The Importance of Communication and the Shortcomings of Technology Printable Version PRINTABLE VERSION
by Jay-R Patron, Philippines Feb 1, 2007
Technology , Culture , Media   Opinions

On the other hand, I was also a Communication and Media Studies student, where I learned the different theories of communication—how it is used, through the media, to shape the minds of the greater population. The course expresses a contextual approach to communication, that every text should be read differently depending on the overall situation of the 5W’s and 1H. On a lesser extent, through this, I surmised that no matter what mode or medium, communication would suffice as long as the message was put across and understood by the receiver, regardless of its efficacy.

Now that I’m no longer a student, I don’t think about these kinds of issues anymore.

But I vouch for the importance of communication in building and maintaining relationships… although, come to think of it, there seems to be no other way to build and maintain relationships. Last Saturday, my older brother hosted a party for his office mates at our place. I invited a long-time friend to come, and I would not have done so if we did not bump in to her that Wednesday prior. It was a great night of scrumptious dishes (courtesy of my mom), thirst-quenching drinks, and of course, what’s a party without the alcohol. Relentless video-oke performances and card games entertained everyone that night. The gathering was not the best we’ve ever had at home, but it was still fun and exciting.

My friend decided to stay when all the other guests had gone home passed midnight. The two-man clean-up committee, headed by my brother and sister, was busy packing up while she and I were at the living room having a conversation. Moments later my two older siblings joined us, six seconds later they retreated to their respective rooms. And we were there… alone again.

I knew she wanted to talk, but she didn’t know how to start. I mean why would she stay instead of calling it a night and go home? Initially, we talked about the how things have been in the last six years. We lost contact with each other when we reached college, although we bump onto one another from time to time, and there was text messaging which established the vicarious presence. That night was the first time since senior high school that we had that level of exchange of words. Ultimately, I was able to get it out of her. She was anxious, didn’t know where to go. She was stuck in a quagmire with law school as the main culprit for this conundrum. She felt that it was getting on the way of what she really wanted to do with her life. I told her it was her choice in the first place and that it would be such a waste to back down now that she was in her second year. Besides, she would be able to help more people if she had a law degree than if she decided to step down now and pursue her philanthropic endeavors… something in line with the concept of leverage that Evan and the other guests talk about.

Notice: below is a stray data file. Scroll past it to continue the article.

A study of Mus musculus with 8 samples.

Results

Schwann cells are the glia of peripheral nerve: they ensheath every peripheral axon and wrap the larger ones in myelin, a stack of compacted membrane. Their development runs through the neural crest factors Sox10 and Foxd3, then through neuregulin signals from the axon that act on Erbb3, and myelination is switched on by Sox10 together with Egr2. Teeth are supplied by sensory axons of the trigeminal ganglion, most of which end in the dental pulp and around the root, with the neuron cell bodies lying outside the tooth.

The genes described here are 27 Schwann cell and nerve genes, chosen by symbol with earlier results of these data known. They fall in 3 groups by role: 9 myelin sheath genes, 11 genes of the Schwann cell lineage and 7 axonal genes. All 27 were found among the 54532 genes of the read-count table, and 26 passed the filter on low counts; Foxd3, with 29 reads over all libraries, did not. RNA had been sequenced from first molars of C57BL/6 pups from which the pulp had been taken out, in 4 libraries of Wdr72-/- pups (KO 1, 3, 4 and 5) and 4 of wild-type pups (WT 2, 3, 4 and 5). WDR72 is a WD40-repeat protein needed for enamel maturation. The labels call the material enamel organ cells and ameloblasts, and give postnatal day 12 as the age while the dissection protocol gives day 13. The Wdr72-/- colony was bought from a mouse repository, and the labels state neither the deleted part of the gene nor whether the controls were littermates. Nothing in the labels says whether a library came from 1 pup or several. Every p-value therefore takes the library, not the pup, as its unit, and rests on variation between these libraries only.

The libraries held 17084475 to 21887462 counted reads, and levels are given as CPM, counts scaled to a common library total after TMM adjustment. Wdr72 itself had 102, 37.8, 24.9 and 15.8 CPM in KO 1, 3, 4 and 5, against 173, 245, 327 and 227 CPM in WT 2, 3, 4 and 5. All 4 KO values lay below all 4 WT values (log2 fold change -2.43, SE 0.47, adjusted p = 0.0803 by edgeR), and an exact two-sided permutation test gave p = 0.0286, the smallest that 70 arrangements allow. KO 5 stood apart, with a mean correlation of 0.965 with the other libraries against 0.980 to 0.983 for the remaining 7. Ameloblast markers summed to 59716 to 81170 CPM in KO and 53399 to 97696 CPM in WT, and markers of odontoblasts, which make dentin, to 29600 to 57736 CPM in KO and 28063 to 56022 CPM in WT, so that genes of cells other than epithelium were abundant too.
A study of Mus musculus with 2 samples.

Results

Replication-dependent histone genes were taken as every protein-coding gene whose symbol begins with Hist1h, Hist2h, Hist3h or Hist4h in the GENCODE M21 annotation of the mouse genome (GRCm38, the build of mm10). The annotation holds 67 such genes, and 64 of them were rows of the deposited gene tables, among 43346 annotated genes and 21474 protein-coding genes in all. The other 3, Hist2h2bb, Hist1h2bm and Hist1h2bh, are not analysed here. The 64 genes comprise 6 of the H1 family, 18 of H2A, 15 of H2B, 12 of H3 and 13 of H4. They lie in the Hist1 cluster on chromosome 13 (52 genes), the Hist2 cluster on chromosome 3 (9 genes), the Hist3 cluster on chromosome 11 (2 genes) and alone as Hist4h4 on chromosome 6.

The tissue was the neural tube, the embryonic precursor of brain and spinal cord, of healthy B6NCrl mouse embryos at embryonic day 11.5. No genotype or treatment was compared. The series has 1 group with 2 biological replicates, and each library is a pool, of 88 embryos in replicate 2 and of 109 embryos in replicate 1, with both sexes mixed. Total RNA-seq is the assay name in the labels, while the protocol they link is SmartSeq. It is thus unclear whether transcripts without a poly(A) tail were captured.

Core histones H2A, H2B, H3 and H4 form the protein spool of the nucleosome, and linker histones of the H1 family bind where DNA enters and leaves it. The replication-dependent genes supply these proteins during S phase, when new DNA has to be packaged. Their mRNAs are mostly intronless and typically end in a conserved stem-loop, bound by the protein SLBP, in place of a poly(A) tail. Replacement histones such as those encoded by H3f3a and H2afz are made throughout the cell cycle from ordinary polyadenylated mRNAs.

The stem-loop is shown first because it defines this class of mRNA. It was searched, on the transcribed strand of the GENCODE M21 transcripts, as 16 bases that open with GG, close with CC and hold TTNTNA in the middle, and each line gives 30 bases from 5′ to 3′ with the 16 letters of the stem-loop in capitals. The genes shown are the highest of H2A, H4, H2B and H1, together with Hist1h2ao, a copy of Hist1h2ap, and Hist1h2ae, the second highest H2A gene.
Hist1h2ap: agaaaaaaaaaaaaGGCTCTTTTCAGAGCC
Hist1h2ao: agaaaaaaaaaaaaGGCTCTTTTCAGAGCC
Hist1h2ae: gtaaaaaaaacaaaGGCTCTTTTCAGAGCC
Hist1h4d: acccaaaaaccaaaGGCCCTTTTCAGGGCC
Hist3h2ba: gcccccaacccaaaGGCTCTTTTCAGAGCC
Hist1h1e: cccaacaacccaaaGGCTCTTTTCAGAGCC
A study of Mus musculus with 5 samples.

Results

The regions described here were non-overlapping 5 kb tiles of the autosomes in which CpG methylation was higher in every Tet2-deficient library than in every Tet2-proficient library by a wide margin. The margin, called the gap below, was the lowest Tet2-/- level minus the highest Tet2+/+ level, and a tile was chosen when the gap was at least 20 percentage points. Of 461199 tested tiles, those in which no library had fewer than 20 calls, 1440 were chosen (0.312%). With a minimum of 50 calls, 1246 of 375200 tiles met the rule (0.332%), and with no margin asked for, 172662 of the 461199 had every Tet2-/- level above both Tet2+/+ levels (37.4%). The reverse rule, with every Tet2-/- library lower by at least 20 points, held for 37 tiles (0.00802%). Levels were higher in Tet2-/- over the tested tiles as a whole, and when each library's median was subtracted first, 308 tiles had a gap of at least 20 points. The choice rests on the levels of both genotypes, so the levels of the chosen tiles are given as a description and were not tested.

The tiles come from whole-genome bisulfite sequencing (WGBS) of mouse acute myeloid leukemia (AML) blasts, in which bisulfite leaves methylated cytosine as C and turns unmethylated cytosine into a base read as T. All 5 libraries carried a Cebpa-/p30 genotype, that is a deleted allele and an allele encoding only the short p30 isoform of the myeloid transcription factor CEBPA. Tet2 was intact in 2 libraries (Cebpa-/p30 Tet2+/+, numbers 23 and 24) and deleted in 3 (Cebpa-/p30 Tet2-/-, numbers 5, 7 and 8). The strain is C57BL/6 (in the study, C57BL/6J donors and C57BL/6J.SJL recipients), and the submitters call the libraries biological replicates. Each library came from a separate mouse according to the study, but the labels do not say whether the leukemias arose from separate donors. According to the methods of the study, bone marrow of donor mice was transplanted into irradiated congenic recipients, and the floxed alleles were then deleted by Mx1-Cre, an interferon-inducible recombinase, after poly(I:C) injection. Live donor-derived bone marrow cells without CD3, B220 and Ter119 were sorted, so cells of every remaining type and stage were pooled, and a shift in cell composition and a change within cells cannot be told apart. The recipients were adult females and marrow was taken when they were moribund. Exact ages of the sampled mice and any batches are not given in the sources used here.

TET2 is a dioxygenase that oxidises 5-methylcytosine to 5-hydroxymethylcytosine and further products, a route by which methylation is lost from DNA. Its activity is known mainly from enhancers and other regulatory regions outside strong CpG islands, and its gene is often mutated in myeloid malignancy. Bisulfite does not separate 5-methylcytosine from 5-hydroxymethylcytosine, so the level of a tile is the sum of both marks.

The conversation shifted from serious to the more trivial through the hours. The topics touched everything from friends, current hobbies, future plans etc. Eventually, what would seem like an issue that many would avoid was tackled… we talked about ‘us’… at least our past. I met her in 1997 when the family was on a vacation back here in the Philippines, my dad was based in Hong Kong then and we lived with him there, except my older bro who was in college that time. She was a good friend of my brother’s girlfriend then. I got to know her better over time. We exchanged emails from time to time when I was in HK. The family went back to the PI in 1999; I was in senior high. Our close proximity and endless supply of common friends paved way for a strong bond. She and I became really close. I was truly comfortable with our friendship but deep inside I knew I wanted to be ‘steady’ with her… in a way I was pursuing her, yet I know I was at the losing end. She taught me a lot of things from being less uptight to dealing with strict parents.

I knew I had to do something about my way towards her. The imminent end of high school, I thought, would also be the end of our tight connection. One day, I proposed to her about being steady… through text message. That was the lamest of lame that a guy could ever do to a girl he liked. Only last Saturday did I know that she felt frustrated about that action of mine… she felt “cheap”, based on her own words. But we were laughing about how pathetic and childish that was, yet deep inside I felt sorry for myself—I thought, “What if I had not done that? Would there have been a chance that the two of us become one?”







Jay-R Patron, 24 years old, currently works as content provider for a multinational IT consultancy firm, under its interactive marketing department.

He was a writer for Hawaii-based Greater Good Inc., a media company behind the much-acclaimed Greater Good Radio. The show promotes social entrepreneurship and servant leadership.

Jay-r is a Journalism and Communication and Media Studies graduate from the University of Southern Queensland.